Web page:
The RIGHT way to save money on recruitment costs
A few weeks back we looked at the wrong way to save money on hiring costs.
Now, here's a rundown of things to try (even closer to home than your hardworking recruiter) that should actually save you money in the long term.
Added on 30.06.2014
Have you ever lost a team member because they were not happy with (and not a good fit for) their role? If so, you'll probably know that this costs everyone involved. But the problem goes deeper than just the hassle and expense of recruiting a replacement; a less than happy employee is never going to be firing on all cylinders, even if they are a conscientious and skilful person. People don't shine unless they're doing what they like.
These days, quality second and third jobbers are rare in many areas (this was one of the topics touched on at the first PRWeek Employer's Forum) because graduate recruitment was all but stopped in the early days of the recession and so the roles that would have produced people with the required experience to recruit now were never created. This means that the right people will have a choice of jobs.
So, if you've found the right person, and haven't made any mistakes in the recruitment process, make them feel valued and make sure that they settle into and enjoy their new job.
When it comes to employee selection and retention, doing the right (or wrong) thing obviously starts with the recruitment process. This is a topic in its own right - and we've already written about costly recruitment mistakes and how to avoid them. That article was mainly about the advertisement, interview and selection process, so here's some more things to bear in mind more geared to employee retention:
Try working interviews
Think about building a recruitment and interview process that simulates the work your new employee will be doing. This will enable you to measure their aptitude and skills, and allow them to see whether or not they are going to enjoy the job.
It's called false economy for a reason
Do make sure that your package matches that of your competition. One of the two best ways to make someone feel under-valued is to under-pay them. If you can't meet expectations straight away, offer performance bonuses or the opportunity for progression.
Settle them in
Just because someone can cope with being thrown in the deep end doesn't mean they won't resent it. Make sure that any required training happens quickly, and that your new employee has access to the support and mentoring they need to grow into the job. They'll be more effective faster, and they'll appreciate it too.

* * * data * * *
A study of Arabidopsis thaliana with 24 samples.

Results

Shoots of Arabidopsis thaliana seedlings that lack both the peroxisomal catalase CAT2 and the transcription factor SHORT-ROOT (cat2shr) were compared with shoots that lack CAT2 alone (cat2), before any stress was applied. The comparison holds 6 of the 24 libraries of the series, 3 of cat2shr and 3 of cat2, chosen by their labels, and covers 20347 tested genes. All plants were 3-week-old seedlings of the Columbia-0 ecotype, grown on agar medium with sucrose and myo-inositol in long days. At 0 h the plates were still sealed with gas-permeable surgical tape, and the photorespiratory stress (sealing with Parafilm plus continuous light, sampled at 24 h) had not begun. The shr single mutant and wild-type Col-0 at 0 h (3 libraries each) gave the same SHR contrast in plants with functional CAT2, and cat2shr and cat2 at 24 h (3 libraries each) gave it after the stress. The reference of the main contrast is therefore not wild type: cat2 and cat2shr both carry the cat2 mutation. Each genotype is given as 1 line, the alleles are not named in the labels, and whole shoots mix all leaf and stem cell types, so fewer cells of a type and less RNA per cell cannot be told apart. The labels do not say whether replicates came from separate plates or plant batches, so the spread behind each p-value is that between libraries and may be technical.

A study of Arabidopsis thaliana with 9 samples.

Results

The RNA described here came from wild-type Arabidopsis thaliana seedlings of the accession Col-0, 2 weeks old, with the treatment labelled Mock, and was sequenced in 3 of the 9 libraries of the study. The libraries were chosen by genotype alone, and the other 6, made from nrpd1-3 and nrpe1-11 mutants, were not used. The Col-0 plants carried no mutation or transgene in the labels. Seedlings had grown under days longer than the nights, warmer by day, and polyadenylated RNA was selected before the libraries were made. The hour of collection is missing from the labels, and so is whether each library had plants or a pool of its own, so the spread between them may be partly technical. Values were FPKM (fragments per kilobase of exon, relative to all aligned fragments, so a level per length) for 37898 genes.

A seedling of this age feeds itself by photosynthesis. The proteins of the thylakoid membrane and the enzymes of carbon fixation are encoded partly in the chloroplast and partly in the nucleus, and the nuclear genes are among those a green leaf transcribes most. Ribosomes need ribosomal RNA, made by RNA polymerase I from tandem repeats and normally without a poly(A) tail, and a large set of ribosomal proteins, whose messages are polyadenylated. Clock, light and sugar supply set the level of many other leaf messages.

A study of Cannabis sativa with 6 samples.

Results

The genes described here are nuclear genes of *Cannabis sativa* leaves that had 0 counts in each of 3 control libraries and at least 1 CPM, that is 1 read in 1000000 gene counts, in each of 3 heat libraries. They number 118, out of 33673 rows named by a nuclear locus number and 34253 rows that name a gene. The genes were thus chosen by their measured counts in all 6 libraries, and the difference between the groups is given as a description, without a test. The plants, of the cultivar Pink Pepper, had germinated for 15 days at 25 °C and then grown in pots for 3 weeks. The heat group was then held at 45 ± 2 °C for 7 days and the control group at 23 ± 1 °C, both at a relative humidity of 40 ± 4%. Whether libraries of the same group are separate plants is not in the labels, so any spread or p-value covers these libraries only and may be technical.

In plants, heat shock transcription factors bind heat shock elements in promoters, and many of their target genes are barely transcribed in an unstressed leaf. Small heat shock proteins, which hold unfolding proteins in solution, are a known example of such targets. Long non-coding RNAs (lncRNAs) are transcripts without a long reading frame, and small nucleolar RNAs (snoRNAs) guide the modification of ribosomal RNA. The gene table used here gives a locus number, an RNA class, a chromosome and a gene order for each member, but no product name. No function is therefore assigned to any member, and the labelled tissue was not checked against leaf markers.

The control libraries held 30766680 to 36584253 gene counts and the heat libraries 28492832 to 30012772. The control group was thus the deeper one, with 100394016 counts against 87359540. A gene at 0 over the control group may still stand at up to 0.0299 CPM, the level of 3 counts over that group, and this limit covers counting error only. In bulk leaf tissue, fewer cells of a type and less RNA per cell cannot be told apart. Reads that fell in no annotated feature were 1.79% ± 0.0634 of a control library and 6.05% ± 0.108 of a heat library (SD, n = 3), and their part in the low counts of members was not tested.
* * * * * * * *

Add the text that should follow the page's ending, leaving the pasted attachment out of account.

Look forwards and upwards - BUT only when it's realistic
Most people want to see where their job could lead, even when it's brand new. But do be aware that people with young families or other commitments outside work might be happy to chug along, and never promise or hint at what you can't deliver. Never raise expectations.
Keep an eye on things, and be seen to be doing it
Make sure that everything is going to plan, that your new team member is happy with the education, support and information they receive and the workload they have. Almost as important as what you actually do for them is demonstrating to people that you care about their welfare and are interested in their experience of your business.
Be a 'better boss'
When employees are are surveyed about their reasons for choosing a new company to work for, one of the most common responses is 'I want a better boss'. Here are the qualities that people value most in their immediate manager, in order of importance:
- someone who is approachable;
- someone who makes me understand exactly what they expect from me;
- someone who supports me;
- someone who is a good leader;
- someone who respects me for who I am.
Make sure that you have a properly working system of feedback and that you are seen to be accountable to your team. Foster an environment that looks to include people and acknowledge their contribution; encourage collaboration and lead by example. Understand what makes your individual team members tick and try to ensure that they get a chance to do what they do best for you, singly or together.
Create positive pressure
Competitions are a good way to create friendly rivalry and positive pressure, but if you have people with a diverse skill set be careful to devise a series of ones that will allow everyone to compete and win. Don't just pay attention to the winners; try to understand why those that came last did so. Are there any lessons to learn from this that you can apply to their role?
And last, but not least...
Don't forget team building
It's not called 'team building' for nothing. Make time for shared social activities - even something as simple as a shared lunch or pub quiz can work wonders for morale. Try to be the conduit between the different personalities that work for you and devise fun activities that will allow them to come together and bond. One great idea we saw recently for a pub quiz was to pick teams to include as wide a range of people as possible, with the junior members as the team captains, then ask each team member for one fun, strange secret about themselves. These were then read out for those in all the teams to guess.
To put it as simply as possible: pay real attention to your people and make them feel valued and supported. You'll be well rewarded, and you'll be creating the sort of company that those elusive 'dream employees' want to work for.